Ms. Bravo’s Bright and Brilliant Botanical Brushwork

By Elly P. ’21

When I found out that my advisor Ms. Bravo had a life outside of teaching Spanish, advising flamenco club, and doling out advice to me, it took me almost a week to recover from the shock. Finding out that the life she leads outside of the hallowed halls of Winsor involved having her own art galleries and selling original works to people almost caused me to drop out of school and question everything I thought knew. Now that I’ve had time to sit with the idea, I’ve deduced that what I can take from this experience is the realization that Ms. Bravo is cool. Very, very cool. She spoke to the Banner about her experiences as an artist, her move from Spain to the U.S., and her biggest pieces of advice for other artists.

  1. What drew you to art? When did you get interested in art? 

When I was a little girl I scribbled, captured, and repeated variations of all that I thought beautiful. It was when I took a technical drawing class in high-school that I discovered concepts that would change the way I look at and understand life in general. Perspective, reflection, rotation, intersection, points, and lines, planes, opposition… what??? It was pure philosophy! It drove me crazy, and to me, then, it explained it all; Nietzsche, Kafka, Shakespeare, my mother… During my last year in high school, I also started experimenting with oil painting and exploring concepts such as value, temperature, medium.

  1. How has your move from Spain to the US shaped your art?

Spain has always been a deep and ancient well of art to the service of the powerful and also a powerful source of anti-system responses. As a Spaniard, I grew up used to Roman aqueducts next to waxing parlors, medieval castles interacting with Picasso or Dalí sculptures, or Visigoth superpower virgins in fabulous angst next to beaches where all are top-less. Spain is a crazy contrast of cultures, time periods and politics, all in a relatively small space. When I go back to Spain, I spend hours staring at things that when I was younger, I took for granted, such as the color of sunsetting skies in Madrid or people’s noses. When I think about art here in the USA, I think about concepts such as distance, volume, energy, and materials. I love the hugeness of the sculptures and the fields in places like the Storm King Arts Center, for example, or the volume of Noguchi’s work in Queens, or the excess and the combination of materials of the Calatrava World Trade Center Oculus. 

  1. What is the focus of your gallery?

My new gallery is called “Flores a Gogo” which could probably translate as “Flowers Galore”. I am sad and exhausted by the news related to the environment, and I needed to immerse myself in a kind of beauty that has always appeased me; the shape of flowers and their soothing colors. This collection is about exploring the eye of the flower and learning from her wisdom. It will exhibit at the Childe Hassam Park in the South End. I am so excited!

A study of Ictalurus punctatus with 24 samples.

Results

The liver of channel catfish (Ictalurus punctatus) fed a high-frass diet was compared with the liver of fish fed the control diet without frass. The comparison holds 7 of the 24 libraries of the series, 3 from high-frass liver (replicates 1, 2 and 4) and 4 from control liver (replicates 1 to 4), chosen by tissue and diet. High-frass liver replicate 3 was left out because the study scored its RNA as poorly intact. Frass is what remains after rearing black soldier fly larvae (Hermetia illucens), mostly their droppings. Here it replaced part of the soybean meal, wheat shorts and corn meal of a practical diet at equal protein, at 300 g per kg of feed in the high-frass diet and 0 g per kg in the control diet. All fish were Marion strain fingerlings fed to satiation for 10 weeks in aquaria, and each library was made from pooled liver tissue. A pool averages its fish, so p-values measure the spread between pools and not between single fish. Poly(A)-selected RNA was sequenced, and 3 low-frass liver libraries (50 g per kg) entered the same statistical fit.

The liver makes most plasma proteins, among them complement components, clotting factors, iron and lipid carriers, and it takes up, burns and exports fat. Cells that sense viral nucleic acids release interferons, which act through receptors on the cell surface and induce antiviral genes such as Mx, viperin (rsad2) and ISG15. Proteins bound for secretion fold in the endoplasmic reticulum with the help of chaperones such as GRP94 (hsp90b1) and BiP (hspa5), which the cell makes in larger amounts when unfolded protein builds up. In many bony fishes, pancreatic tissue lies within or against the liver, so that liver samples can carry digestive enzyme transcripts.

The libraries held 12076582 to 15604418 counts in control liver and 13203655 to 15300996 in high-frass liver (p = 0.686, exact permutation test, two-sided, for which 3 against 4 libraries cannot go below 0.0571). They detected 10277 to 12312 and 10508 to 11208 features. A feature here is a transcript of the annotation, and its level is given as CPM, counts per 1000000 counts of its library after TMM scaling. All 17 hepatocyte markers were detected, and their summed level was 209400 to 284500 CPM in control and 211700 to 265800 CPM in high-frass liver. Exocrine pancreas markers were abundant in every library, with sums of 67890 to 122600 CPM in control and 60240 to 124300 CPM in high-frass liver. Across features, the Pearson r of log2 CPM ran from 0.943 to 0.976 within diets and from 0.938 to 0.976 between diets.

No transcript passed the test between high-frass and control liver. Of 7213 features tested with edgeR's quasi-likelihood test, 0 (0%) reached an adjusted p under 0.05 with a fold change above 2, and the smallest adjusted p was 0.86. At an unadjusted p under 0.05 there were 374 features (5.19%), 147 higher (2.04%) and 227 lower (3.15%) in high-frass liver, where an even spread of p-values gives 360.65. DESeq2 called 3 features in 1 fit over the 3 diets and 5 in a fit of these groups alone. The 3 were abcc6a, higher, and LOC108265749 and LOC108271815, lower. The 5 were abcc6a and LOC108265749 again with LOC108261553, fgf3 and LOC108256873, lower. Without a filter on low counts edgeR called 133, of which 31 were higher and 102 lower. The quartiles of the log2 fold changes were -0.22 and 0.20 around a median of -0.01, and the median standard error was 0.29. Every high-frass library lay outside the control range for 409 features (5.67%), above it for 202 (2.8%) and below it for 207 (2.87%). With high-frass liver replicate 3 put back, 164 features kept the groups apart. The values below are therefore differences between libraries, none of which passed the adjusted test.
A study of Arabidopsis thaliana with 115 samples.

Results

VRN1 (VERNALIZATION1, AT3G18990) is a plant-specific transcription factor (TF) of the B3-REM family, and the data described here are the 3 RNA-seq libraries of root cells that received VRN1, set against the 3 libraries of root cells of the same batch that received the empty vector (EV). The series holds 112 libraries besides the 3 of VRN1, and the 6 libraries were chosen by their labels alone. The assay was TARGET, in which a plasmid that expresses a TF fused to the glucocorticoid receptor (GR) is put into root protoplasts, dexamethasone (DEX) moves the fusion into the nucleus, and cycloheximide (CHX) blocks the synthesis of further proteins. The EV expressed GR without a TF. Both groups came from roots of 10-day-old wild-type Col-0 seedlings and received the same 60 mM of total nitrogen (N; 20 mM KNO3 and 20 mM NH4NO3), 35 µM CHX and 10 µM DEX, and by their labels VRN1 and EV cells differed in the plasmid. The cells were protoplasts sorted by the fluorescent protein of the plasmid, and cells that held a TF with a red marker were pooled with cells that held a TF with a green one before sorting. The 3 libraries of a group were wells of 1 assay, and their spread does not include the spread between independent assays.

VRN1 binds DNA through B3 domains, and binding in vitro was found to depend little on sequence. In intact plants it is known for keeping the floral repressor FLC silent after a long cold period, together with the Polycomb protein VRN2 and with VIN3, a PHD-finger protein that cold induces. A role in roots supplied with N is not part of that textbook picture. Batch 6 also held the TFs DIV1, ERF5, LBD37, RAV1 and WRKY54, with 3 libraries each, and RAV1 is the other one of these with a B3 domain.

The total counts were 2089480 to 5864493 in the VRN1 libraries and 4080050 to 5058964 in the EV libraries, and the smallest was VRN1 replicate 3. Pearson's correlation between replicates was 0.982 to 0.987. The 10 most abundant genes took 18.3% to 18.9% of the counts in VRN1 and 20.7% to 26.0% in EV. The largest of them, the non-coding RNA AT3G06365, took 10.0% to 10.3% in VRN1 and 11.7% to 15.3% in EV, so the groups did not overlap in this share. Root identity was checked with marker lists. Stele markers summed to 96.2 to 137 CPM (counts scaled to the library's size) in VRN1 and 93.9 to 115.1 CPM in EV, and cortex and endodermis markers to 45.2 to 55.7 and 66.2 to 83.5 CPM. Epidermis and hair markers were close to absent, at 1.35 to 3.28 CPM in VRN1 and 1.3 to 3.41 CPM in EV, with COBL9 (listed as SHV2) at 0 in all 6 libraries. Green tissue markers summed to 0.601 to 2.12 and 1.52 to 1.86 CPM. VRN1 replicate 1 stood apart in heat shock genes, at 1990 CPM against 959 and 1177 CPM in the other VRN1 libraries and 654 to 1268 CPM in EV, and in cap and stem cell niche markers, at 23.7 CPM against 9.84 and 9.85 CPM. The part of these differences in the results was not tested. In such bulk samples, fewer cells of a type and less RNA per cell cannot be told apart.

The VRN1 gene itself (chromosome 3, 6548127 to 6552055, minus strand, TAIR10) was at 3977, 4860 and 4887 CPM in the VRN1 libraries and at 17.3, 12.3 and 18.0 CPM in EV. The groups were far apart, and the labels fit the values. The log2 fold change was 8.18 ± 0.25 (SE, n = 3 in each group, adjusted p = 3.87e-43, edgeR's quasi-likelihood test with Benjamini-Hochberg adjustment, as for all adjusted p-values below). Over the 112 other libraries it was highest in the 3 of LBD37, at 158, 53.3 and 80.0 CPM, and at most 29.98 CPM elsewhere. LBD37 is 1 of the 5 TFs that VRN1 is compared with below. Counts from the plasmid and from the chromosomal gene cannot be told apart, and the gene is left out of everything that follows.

1. How did you start doing shows? What other shows have you done?

When I was done with my [art reproduction] years and had a bit more control over my time and energy, I went back to school at Mass Art. As my entire home began to look like a warehouse, my noble friend Rodrigo took one of my paintings to be exhibited in a little gallery in a building in the South End. People liked it, and Rodrigo got another one of my paintings and placed it in another gallery in a wine shop in the South End. I sold it. I really didn’t expect it. I mean, one thing is exhibiting and another to let go of one’s babies… for money. I cried. Last year, I was invited to be part of an art exhibition in the South End’s Childe Hassam Artist Park. I exhibited my work focused on “Jaleo,” a painting of a Flamenco dancer in an impossible pose. That pose obsessed me, so, I spent a year painting variations of the dancer’s pose in oil and also worked with serigraphy [screen-printing]. 

  1. Any advice to artists in the Winsor community?

Señoras! All is connected. The arts are what help us expand on our understanding of what we know and what we don’t know. It heals us, it connects us, it makes everything possible because it challenges our definitions of beauty, ugliness, chaos, and order. Remember to defend your time, space and energy to explore art in your busy lives because in art we grow.